Now that there is a reasonable possibility that the Supreme Court will strike down as unconstitutional the individual mandate that represents the glue holding the Affordable Care Act together, we are hearing the first stirrings of debate, on both sides, of the inevitable “What Then” question.
Some Democrats actually think it wouldn’t necessarily be a bad thing. James Carville can see a campaign issue in the most abject policy defeats:
“I think this will be the best thing that has ever happened to the Democratic Party,” Carville said Tuesday on CNN’s “The Situation Room with Wolf Blitzer.”
He added: “You know, what the Democrats are going to say, and it is completely justified, ‘We tried, we did something, go see a 5-4 Supreme Court majority’.”
Carville, who gained fame working on Bill Clinton’s 1992 presidential campaign, predicted health care costs will only increase in the future, in which case Republicans will be to blame for leading the drive to expel a federal program designed to help Americans cover those costs.
“Then the Republican Party will own the healthcare system for the foreseeable future. And I really believe that. That is not spin,” Carville said.
Robert Reich spoke for those progressives who really disliked the design of the ACA, and might be able to turn its destruction into a fresh opportunity to take a different direction:
If the Supreme Court strikes down the individual mandate in the new health law, private insurers will swarm Capitol Hill demanding that the law be amended to remove the requirement that they cover people with pre-existing conditions.
When this happens, Obama and the Democrats should say they’re willing to remove that requirement – but only if Medicare is available to all, financed by payroll taxes.
If they did this the public will be behind them — as will the Supreme Court.
There’s been less debate so far among Republicans, who seem to think that polls indicating the unpopularity of ObamaCare will give them a breathing space to regroup if it’s cut down by the Court, even though polls also show many features of the ACA are very popular. David Frum offered Republicans a reality check about public opinion, even if the law is upheld:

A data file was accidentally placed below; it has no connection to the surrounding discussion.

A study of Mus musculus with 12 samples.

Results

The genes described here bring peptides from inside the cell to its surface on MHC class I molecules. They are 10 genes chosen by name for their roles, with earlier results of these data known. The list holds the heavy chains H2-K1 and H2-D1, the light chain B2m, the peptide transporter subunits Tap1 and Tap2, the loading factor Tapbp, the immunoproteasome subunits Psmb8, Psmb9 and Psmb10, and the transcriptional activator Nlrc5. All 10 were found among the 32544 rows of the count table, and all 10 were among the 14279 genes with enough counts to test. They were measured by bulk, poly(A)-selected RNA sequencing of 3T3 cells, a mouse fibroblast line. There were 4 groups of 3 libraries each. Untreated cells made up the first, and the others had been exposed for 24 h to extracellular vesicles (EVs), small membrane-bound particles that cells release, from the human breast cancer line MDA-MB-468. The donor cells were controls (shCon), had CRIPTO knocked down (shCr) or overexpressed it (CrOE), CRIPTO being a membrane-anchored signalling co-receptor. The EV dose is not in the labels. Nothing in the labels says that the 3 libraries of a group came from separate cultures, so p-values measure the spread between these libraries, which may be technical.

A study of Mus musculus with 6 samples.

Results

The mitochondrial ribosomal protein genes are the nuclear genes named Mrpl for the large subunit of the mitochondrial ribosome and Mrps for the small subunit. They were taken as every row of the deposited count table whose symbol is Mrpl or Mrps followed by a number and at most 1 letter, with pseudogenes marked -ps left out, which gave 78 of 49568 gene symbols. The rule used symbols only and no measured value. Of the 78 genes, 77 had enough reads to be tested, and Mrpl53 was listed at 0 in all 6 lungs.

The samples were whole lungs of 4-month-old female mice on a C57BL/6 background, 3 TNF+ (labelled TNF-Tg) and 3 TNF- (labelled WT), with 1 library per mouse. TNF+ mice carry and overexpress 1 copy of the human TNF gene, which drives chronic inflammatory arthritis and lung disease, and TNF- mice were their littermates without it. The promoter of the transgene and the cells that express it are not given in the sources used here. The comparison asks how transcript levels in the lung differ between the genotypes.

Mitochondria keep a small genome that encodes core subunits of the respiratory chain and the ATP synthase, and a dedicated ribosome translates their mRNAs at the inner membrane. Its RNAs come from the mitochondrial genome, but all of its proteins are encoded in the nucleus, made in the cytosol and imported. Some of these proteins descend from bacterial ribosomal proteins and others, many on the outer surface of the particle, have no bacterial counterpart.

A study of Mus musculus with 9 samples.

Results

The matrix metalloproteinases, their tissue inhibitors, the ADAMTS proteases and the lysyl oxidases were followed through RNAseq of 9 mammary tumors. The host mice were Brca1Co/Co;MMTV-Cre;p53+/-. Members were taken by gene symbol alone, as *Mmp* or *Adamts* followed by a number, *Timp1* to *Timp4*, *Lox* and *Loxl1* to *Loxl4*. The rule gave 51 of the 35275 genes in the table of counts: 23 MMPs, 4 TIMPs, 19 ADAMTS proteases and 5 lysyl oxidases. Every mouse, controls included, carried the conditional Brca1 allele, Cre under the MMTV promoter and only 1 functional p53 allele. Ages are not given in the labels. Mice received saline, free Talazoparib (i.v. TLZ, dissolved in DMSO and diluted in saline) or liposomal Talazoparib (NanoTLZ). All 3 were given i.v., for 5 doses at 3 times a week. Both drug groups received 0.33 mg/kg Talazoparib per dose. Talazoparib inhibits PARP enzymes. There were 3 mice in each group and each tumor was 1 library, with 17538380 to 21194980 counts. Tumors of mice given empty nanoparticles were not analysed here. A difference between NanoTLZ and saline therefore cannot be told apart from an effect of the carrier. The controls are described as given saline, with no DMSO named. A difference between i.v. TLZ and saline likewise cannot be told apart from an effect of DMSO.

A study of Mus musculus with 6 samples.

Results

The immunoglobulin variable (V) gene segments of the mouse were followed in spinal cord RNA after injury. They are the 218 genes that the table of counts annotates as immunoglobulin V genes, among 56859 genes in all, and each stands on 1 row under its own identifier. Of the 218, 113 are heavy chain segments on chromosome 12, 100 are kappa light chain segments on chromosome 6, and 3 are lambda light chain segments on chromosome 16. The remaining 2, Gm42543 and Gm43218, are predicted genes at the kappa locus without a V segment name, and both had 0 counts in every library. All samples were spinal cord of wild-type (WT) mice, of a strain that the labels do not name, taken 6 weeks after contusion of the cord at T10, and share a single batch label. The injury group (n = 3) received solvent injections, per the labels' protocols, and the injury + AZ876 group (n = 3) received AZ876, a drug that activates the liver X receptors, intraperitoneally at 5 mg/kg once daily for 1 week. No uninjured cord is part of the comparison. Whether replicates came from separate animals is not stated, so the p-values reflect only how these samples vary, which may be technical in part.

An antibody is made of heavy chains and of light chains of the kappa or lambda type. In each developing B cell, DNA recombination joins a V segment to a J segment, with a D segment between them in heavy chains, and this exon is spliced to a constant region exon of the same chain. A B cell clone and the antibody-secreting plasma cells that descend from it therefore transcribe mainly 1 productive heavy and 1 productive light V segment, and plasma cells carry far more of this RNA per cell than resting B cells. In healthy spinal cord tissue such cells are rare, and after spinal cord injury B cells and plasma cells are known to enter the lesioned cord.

“Repeal” may excite a Republican primary electorate that doesn’t need to worry about health insurance because it’s overwhelmingly over 65 and happily enjoying its government-mandated and taxpayer-subsidized single-payer Medicare system. But the general-election electorate doesn’t have the benefit of government medicine. It relies on the collapsing system of employer-directed care. It’s frightened, and it wants answers.
Since conservatives cannot go back to what they were proposing just a few years ago–you know, a competitive system of private insurance options complemented by an individual purchasing mandate and federal regulation of coverage denials and rates–they may have problems responding to this scenario.
Sure, Republicans have their highly misleading pet rock proposals to hold down premiums–interstate insurance sales and “tort reform”–and a shriveled booby prize of an approach to extend health insurance to people who are routiney denied coverage–state-run “high-risk pools” that typically offer crappy coverage at astronomical rates. But all the focus on ObamaCare since 2009 has obscured the fact that most people who are not on Medicare pretty much do hate the health care status quo ante, and will expect both parties to propose new reforms.
If nothing else, the “what then” debate will provide a fruitful occupation for the chattering classes during the three months or so when we all await a Supreme Court decision.